Last updateWed, 26 Feb 2020 1pm

The Story Behind the Stone: Great Balls o’ Fire Opal

All Types of Opal

Collectors of opal are ever enthralled with how many variations of the gem species exist. While some gemstones “are what they are,” opal has many incarnations owing to the fascinating way in which these gemstones are formed.

The name opal derives from the Sanskrit word upala for stone. But this species is then subdivided into three groups: precious opal, fire or red-yellow opal, and then common opal. The physical properties of each opal sub-group are dramatically different.

Pretty Wild Opal

Some of the more exciting opal varieties appearing in the couture corner are wood replaced opal. This type of fossilized material was at one time a large tree. When it fell, possibly in its watery grave, the right conditions of silica surrounding its landing encouraged opalized material to replace areas of the wood. The result - spectacular and exotic.

Another extravagant opal type cropping up with adventurous jewelers, known for their sculpture-art type of designs, are opalized dinosaur bone specimens. Australia is host to several regions where ancient water loving prehistoric creatures’ remains are buried and rare opalized materials are found there. Few collectors will ever have access to these oddities, however.

A Look inside the Stone

One trait all opals have in common is that they all contain various levels of hydration locked within their crystal structure. The water content ranges from 3 to 30%. All opal varieties, including fire opal, are a form of hydrous silicon dioxide. And their crystal structure is amorphous - unlike other gems we collect which have a cubic crystal structure. Opals’ tiny sphere-like crystals on the other hand are responsible for the unique impression of rainbow like plays of color, most dramatically displayed in the precious opal variety.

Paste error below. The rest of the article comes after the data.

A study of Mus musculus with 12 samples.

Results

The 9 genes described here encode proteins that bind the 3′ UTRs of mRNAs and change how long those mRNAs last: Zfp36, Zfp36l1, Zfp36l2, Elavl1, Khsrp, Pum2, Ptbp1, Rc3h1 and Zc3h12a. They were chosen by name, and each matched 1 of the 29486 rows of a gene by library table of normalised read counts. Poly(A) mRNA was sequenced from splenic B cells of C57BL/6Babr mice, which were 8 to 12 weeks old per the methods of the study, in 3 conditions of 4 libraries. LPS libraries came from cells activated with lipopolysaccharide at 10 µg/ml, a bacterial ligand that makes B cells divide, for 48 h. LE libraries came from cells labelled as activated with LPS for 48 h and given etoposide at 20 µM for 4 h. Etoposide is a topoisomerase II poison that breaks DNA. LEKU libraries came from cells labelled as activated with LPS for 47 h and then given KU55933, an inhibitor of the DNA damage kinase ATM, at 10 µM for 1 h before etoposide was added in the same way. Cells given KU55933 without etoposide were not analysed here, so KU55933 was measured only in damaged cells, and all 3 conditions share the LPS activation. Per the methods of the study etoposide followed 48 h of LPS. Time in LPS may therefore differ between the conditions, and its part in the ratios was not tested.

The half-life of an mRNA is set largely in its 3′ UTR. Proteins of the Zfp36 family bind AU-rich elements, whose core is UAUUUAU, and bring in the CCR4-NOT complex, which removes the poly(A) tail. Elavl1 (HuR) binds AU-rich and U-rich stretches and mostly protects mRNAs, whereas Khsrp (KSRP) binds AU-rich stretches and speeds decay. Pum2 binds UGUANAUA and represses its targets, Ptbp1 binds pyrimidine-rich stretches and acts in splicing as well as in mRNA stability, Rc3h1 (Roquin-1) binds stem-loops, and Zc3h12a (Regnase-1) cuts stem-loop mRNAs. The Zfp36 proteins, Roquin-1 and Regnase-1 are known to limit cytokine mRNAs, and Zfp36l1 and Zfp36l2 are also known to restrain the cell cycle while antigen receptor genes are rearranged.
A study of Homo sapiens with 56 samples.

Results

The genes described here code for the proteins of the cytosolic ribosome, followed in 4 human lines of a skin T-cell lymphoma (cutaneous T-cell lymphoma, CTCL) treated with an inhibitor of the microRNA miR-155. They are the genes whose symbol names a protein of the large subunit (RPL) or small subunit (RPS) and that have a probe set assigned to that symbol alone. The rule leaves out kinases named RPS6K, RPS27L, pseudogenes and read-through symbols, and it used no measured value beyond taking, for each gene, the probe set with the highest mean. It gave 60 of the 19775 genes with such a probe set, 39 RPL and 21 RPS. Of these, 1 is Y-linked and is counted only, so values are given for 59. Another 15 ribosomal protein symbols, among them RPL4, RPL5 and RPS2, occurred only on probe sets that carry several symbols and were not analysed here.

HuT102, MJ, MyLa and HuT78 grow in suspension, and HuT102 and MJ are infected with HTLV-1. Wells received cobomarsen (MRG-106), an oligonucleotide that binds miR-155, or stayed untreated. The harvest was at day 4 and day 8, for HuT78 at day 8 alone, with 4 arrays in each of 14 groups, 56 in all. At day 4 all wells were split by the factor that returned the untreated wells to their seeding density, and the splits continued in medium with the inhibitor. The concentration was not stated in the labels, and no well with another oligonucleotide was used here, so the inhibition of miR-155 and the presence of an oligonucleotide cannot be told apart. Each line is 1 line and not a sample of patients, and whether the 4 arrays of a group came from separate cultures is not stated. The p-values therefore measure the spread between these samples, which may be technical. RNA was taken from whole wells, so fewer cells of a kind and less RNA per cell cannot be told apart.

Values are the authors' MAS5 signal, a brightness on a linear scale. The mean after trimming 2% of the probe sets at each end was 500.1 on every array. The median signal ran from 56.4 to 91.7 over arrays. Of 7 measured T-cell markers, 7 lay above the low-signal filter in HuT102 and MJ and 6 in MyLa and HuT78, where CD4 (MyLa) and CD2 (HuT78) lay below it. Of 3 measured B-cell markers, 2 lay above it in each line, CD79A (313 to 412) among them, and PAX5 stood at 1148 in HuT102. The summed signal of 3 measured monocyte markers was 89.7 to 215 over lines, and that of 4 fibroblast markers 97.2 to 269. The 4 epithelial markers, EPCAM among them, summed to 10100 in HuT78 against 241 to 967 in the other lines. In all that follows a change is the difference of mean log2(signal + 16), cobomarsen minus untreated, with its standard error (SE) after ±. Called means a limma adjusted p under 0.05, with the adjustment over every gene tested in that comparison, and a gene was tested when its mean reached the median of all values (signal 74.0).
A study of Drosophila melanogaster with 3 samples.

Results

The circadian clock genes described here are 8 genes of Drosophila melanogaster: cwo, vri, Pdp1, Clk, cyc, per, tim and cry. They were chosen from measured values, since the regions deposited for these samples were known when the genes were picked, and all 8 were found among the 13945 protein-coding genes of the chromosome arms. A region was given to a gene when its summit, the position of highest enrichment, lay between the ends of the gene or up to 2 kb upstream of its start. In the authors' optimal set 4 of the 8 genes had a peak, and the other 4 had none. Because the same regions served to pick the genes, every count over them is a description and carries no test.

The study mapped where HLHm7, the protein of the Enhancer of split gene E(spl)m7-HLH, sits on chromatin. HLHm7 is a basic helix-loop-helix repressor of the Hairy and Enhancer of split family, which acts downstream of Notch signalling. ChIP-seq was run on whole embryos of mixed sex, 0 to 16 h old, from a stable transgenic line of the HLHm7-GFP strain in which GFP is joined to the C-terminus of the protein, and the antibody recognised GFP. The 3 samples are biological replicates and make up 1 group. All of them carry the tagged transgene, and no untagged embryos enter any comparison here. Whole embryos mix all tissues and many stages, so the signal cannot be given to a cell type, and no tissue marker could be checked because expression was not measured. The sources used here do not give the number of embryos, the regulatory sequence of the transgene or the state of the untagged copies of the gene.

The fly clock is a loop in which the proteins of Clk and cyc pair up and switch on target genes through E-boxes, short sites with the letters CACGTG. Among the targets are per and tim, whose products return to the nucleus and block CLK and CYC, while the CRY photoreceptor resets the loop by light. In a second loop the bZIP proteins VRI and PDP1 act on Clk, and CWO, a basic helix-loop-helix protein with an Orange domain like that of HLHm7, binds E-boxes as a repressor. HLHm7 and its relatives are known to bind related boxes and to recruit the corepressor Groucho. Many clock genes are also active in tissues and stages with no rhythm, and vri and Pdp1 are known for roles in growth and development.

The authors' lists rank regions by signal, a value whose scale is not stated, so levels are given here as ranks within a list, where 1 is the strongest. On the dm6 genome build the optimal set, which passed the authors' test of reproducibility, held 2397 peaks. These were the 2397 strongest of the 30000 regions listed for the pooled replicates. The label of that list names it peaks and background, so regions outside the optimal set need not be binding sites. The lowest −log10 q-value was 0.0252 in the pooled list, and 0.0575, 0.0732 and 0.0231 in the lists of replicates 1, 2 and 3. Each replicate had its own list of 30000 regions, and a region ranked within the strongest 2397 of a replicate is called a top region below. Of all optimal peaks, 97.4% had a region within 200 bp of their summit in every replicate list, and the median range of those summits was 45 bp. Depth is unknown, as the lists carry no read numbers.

Heat it Up With Fire Opal

So what about the rest of us who love opal, and yearn for something distinctive, beautiful and - within reach? We especially are drawn to the exciting opal variety called Fire Opal.

Fire opals found in a wide range of warm hues have been collected for centuries according to numerous ancient accounts.  Fire opal’s long history dates back to the 14th century. Early Mezzo American Aztecs gathered these eye catching stones. Still today, Mexican residents scour open pit quarries for them. Some people believe that the Mexicans bestowed its name, fire opal on this smolderingly hot gem. The ginger, cherry, and searing golden hues of fire opal keep these breathtaking jewels perennially popular.

So many deposits around the world produce fire opal: Brazil, Tanzania, Ethiopia, Mali, Guatemala, and of course Mexico.


The appearance of fire opal ranges from semi-translucent to transparent. Designers often select the dreamy look of semi-transparent fire opal to interpret their original designs. This is because the impression made with the semi-translucent fire opal adds a level of intrigue to their collection - leaving many people wondering, “What is this mysterious jewel?”

As Unique As You Are

Because fire opal has such a distinct persona, it’s selected by fine gem artists as a carving material. While other opals are often finished into cabochon cuts, fire opal is successfully faceted into lively brilliant gem shapes. The most saturated reds have added collectability as do highly transparent fire opals since these traits are more rarely occurring in nature. Each natural stone will have a bit of its own character to impart, and you will treasure your fire opal collection as much as early Aztec royalty did.

Award winning trade journalist and gemologist Diana Jarrett is also a Registered Master Valuer Appraiser and a member of the National Association of Jewelry Appraisers (NAJA). She’s a popular speaker at conferences and trade shows. Jarrett writes for trade and consumer publications, various online outlets, and for sightholders and other industry leaders.. Contact her at This email address is being protected from spambots. You need JavaScript enabled to view it., visit her website, www.dianajarrett.com, and/or follow her on FaceBook and Twitter (Loupey).